Ukraine refugees in UK face waits of up to two years for war trauma therapy

Traumatised Ukrainian refugees who have sought sanctuary in the UK may have to wait two years before they can get specialised therapy to help them heal from the horrors of war, according to experts.

Therapists who specialise in treating war trauma say they have seen NHS waiting lists of two years before refugees can access the specialist treatment they need.

Services across the UK are patchy with some areas “treatment deserts when it comes to trauma”, according to Emily Palmer-White, a psychotherapist and community manager at the charity Room to Heal, which provides support for people who have fled persecution.

“There are often extremely long waiting lists. I have been told two years. You can’t separate the psychological from the practical – it’s more difficult to help people if they’re preoccupied with survival,” said Palmer-White.

A spokesperson for the Department of Health and Social Care said officials recognised the trauma Ukrainians were facing and stood shoulder-to-shoulder with them. However, beyond having access to NHS care officials did not cite any specific provision to provide newly arrived refugees with trauma support.

Prof Cornelius Catona, of the Royal College of Psychiatrists, said the visa delays of several weeks would likely exacerbate mental illness for those already struggling and that the refugee schemes should have included a mechanism for spotting signs of trauma early.

Viktoriia Liamets, a Ukrainian child and family therapist who recently arrived in the UK after fleeing the war, said Ukrainians arriving in Britain had multiple and complex traumas to contend with.

“People are in shock at leaving behind the place they call home,” said Liamets. “Some have left elderly parents and other family members behind taking only a small backpack with them because they thought they would be returning soon. There are so many layers of trauma that it takes a while to process it. People need to be in a safe environment before they can start to do that. But being in a new country with a new language and no income can make them feel vulnerable. Your whole internal construction becomes unstable.”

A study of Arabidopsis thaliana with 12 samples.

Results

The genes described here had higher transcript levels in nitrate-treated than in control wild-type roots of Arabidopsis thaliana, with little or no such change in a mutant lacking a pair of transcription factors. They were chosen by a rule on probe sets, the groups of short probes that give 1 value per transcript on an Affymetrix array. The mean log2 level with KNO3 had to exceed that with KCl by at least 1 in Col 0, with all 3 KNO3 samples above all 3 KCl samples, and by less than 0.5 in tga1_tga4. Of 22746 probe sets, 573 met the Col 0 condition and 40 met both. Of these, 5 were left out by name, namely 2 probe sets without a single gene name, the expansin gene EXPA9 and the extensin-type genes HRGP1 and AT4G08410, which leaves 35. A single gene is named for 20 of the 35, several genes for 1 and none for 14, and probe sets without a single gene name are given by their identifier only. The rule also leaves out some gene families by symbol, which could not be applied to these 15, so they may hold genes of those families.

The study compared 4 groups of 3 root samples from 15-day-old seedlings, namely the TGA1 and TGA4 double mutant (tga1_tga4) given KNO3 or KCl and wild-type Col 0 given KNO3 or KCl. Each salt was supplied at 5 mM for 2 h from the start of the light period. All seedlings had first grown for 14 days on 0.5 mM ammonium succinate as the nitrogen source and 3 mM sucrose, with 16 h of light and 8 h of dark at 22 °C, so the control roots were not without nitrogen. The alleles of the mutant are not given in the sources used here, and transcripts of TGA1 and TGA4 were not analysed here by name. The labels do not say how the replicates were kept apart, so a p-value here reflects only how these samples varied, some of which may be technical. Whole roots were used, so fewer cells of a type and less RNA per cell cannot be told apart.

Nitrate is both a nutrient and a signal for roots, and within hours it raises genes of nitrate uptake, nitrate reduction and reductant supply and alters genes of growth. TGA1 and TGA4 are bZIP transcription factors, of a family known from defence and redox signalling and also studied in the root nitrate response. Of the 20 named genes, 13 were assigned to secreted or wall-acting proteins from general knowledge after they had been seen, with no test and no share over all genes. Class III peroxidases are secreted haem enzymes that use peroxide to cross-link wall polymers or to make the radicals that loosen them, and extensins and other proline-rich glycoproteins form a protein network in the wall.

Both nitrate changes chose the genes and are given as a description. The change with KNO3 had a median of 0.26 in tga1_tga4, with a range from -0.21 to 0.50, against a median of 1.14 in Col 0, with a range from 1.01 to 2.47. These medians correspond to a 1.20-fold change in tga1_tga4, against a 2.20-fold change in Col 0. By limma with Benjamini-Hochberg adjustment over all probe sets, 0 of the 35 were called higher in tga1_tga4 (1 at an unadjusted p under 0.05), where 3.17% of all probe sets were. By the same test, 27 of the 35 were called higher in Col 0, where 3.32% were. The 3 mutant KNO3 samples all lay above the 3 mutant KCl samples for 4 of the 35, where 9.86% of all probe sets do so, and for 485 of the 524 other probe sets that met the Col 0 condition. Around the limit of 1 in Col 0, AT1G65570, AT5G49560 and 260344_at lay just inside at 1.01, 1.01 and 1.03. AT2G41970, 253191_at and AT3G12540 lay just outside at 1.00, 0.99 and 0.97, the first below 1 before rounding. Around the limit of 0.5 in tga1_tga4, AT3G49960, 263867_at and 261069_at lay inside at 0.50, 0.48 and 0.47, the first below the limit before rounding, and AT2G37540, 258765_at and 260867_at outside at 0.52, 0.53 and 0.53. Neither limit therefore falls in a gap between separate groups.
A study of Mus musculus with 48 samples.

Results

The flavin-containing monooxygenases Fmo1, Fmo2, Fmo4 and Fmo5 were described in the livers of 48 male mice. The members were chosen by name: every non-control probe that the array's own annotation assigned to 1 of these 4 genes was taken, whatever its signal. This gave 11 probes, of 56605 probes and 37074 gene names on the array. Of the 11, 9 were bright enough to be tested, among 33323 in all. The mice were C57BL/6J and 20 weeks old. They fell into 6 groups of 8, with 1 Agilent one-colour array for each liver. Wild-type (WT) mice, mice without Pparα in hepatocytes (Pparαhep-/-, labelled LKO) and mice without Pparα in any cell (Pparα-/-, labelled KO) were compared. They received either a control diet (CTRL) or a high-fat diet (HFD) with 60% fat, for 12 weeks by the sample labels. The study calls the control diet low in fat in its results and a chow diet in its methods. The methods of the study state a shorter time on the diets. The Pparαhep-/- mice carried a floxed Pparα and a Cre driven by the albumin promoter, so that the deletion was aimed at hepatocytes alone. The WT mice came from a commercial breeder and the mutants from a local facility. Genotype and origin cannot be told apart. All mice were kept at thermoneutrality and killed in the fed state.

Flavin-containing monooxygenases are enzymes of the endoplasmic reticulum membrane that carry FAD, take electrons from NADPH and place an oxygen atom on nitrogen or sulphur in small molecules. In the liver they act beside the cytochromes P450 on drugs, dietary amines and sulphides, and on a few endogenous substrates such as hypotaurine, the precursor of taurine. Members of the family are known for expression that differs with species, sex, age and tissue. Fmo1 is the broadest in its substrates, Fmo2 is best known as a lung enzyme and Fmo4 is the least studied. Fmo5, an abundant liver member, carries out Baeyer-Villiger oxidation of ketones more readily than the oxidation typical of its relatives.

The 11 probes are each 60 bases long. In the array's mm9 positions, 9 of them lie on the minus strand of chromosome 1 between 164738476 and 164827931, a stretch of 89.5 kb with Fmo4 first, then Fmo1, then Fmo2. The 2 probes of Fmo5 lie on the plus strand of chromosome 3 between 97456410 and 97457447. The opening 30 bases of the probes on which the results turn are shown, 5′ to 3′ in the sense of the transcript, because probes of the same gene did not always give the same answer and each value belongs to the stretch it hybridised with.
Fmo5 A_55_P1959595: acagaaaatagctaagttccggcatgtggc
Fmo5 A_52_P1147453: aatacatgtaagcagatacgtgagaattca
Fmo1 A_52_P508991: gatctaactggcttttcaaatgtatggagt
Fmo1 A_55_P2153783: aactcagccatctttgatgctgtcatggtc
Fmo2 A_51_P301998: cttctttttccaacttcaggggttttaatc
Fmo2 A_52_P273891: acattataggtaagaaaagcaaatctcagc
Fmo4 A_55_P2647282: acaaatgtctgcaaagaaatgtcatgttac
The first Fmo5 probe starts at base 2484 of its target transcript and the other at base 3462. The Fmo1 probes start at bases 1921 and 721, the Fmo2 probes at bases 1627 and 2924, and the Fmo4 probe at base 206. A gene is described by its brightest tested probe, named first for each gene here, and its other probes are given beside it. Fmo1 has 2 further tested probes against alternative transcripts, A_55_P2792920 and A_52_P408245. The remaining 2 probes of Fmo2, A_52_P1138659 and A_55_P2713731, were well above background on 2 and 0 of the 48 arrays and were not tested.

She said children may be particularly badly affected by fleeing the war to the point where it may even change their personalities.

Kirsty McNeill, an executive director at Save the Children UK, said there was a worrying lack of mental health support for the “incredibly traumatised” children arriving from Ukraine.

She said: “By definition, these children are traumatised. The speed at which their lives have fallen apart is something that needs specialist support to come to terms with. There are kids that went to school as normal on a Monday and by the weekend they were sitting on the floor of a Romanian gym. Their lives got completely turned around in a week. We’re not seeing any real urgency from the UK government about scaling up specialist mental health support, nor are we seeing very many new caseworkers being recruited.”

Prof William Yule, an emeritus professor of applied child psychology at King’s College in London and an expert in child stress and trauma and the needs of refugees, said: “The situation in Ukraine is incredibly complicated. One of the important things to remember there is that the war started in 2014. People might be both bereaved and traumatised if they have seen loved ones being killed.”

He said children should be allowed to speak and be listened to if they wanted to talk about the war and added that a lot of expertise had been gained in dealing with the issue of traumatic stress from work done in this area following the war in the former Yugoslavia two decades ago.